If The Shoe Fits, Spend $5,000 on It
Ashland Prepares for the First-EVER Footwear Symposium (in the United States)
It turns out that most of the shoes that Americans wear are not made by elves that sneak into cobblers’ shops in the middle of the night. Nor are they even made in America. Most are mass-produced in China (more on that later), yet there are still fine shoe-craftspeople here in the U.S.—even in our Rogue Valley. William Shanor of Bonney and Wills School of Shoemaking and Design in Ashland has repaired and made shoes for almost 50 years, and now he and his wife, Julie Bonney, are hosting the first Footwear Symposium June 19-21.
The Symposium will feature Marcell Mrsan of the Accessory Department of Savannah College of Art and Design in Georgia, who is known as one of the world’s leading shoe-crafters and who Shanor describes as a “master.”
“It is an honor to be associated with him,” Shanor says. “If you have seen Schindler’s List—He is Liam Neeson; I’m Ben Kingsley, the support guy. Our personalities work well together. When he comes into a room, the room changes; I come into a room and make sure all the chairs are straight.”
From “exotic hides like kangaroo leather” to sewing machines and parts, Shanor assures that the event will equip novices, experts or just “people who love shoes and want to learn more” with the materials and the knowledge they crave. Check out the full schedule and registration details at foowearsymposium.com.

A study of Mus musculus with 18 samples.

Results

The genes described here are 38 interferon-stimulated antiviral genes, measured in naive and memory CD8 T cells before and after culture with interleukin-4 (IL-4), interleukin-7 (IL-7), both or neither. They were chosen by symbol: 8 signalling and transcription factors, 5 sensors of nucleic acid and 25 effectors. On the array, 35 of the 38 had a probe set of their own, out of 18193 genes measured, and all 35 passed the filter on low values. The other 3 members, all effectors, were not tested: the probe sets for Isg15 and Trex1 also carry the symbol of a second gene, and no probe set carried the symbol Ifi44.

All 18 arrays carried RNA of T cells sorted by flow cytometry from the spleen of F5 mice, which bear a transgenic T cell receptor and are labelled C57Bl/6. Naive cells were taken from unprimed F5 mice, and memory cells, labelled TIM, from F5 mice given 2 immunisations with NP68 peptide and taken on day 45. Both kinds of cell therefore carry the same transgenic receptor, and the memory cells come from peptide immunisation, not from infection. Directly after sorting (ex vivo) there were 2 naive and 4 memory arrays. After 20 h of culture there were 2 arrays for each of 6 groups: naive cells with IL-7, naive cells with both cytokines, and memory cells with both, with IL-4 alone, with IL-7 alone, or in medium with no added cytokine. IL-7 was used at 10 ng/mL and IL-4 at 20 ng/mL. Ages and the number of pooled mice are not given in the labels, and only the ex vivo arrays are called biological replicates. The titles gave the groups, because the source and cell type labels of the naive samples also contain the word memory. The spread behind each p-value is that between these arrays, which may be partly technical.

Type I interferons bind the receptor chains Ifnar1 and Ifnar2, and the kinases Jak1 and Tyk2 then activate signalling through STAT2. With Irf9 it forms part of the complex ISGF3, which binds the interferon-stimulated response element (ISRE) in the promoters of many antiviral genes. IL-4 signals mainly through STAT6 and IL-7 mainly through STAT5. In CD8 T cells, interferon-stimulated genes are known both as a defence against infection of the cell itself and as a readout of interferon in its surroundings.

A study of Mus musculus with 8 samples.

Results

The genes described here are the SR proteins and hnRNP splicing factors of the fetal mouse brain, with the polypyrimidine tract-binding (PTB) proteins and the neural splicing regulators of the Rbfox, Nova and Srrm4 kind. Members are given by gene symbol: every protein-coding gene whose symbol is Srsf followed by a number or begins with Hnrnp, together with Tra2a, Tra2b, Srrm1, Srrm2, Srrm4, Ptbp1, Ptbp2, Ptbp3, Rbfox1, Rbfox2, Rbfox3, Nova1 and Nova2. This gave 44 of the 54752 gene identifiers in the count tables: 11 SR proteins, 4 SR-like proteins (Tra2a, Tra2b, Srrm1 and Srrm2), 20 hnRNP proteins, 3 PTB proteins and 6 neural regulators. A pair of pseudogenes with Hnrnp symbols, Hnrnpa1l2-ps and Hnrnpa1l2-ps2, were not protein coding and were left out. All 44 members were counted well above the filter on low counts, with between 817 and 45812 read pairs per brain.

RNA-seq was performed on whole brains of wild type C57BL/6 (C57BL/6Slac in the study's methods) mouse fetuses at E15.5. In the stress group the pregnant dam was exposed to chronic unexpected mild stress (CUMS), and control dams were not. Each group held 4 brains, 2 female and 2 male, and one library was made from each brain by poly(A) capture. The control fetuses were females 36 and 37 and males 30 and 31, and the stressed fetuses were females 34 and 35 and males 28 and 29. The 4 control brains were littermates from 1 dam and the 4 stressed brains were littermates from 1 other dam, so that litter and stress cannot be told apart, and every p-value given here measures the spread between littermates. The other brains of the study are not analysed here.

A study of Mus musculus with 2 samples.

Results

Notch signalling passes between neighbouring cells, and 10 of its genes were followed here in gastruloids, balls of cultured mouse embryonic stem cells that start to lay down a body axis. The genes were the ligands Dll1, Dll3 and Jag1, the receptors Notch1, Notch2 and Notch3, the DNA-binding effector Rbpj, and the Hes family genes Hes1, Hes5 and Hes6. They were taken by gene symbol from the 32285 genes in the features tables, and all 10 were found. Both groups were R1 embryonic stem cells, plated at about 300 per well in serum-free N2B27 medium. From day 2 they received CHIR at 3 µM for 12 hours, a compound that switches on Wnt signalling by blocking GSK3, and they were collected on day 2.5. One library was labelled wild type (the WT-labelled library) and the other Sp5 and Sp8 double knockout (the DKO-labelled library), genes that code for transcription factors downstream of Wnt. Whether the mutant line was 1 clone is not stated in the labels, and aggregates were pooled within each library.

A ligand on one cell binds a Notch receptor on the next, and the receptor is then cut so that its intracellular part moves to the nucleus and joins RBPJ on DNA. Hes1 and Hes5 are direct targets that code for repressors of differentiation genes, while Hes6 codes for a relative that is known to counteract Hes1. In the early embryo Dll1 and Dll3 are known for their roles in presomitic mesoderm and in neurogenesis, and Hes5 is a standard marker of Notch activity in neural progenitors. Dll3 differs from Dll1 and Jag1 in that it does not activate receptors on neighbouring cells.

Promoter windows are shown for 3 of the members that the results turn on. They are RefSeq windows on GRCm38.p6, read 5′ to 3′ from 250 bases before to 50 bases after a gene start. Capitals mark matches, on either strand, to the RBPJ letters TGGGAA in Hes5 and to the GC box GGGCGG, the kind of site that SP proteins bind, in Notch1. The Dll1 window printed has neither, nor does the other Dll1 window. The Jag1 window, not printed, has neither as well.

Shanor says that the lack of a governing body for footwear creation in the U.S. leaves us behind other countries known for their fine shoe craftsmanship, like Italy. He is part of a forum that now boasts 6,000 members that is calling for a formation of a guild in the U.S. that sets a standard for shoemaking in our country.
“I was in the repair trade for many years, and I didn’t have to deal with OSHA—there was no training required,” he says. “We want to create a certification for shoemakers. We are helping with the professionalism of American shoemaking. We say you’ve gotta up your game. You have to be tested against your peers and show your work. You can’t just put up a sign that says ‘Master Shoemaker’.”
So yeah, this Symposium is kinda a big deal.
Around 100 people are coming from all over the planet—New Zealand, England, China, Vietnam and even six local shoemakers.
“People are hungry to learn this stuff,” says Shanor. “People who are into shoes are not like people who are into clothes. When people catch the bug, they become very dedicated. Anyone can make a shoe, but it is difficult to make a beautiful shoe. Everyone knows a beautiful shoe when they see it, but they don’t always know a piece of garbage.”
Shanor has been repairing, making and teaching shoes in Ashland for 43 years—repairs clocking in at 600,000 and creation at around 2,000—though he says it took him 40 years to open a school.
“As a rule, shoemakers don’t make a lot of money,” he says.
Though custom footwear from artists like Lisa Sorrell run around $5000.
“Once people see how they are made, they think $5000 is a bargain,” Shanor says.
But back to China.
“The Chinese make 70 percent of the shoes in the world,” says Shanor. “People pooh pooh them, but they make the most and the best in the world, though they mostly are not handmade. The Chinese can duplicate anything and they can do it better than anybody. There are whole cities dedicated to shoemaking in China. They are also thieves—they can make a shoe tomorrow that was just unveiled in Italy today. They are brutal; they have no shame. They are incredible copiers.”
Shanor even tested his claims about China on a children’s shoe he designed.
“I found them at Wal-Mart for $7 a pair. I took them apart and made a pattern, which cost them only $80 instead of the standard $800. Also, all the chemicals they use, we wish we could have.”
Shanor’s final words of wisdom, “If you want an absolutely stunning shoe, go to Italy, but China is eating them alive. It is too bad.”
Shanor only owns two pairs of shoes. He says, “I’m not a shoe horse, like a clothes horse.”
Ashland Hills Hotel, 2525 Ashland Street, Ashland.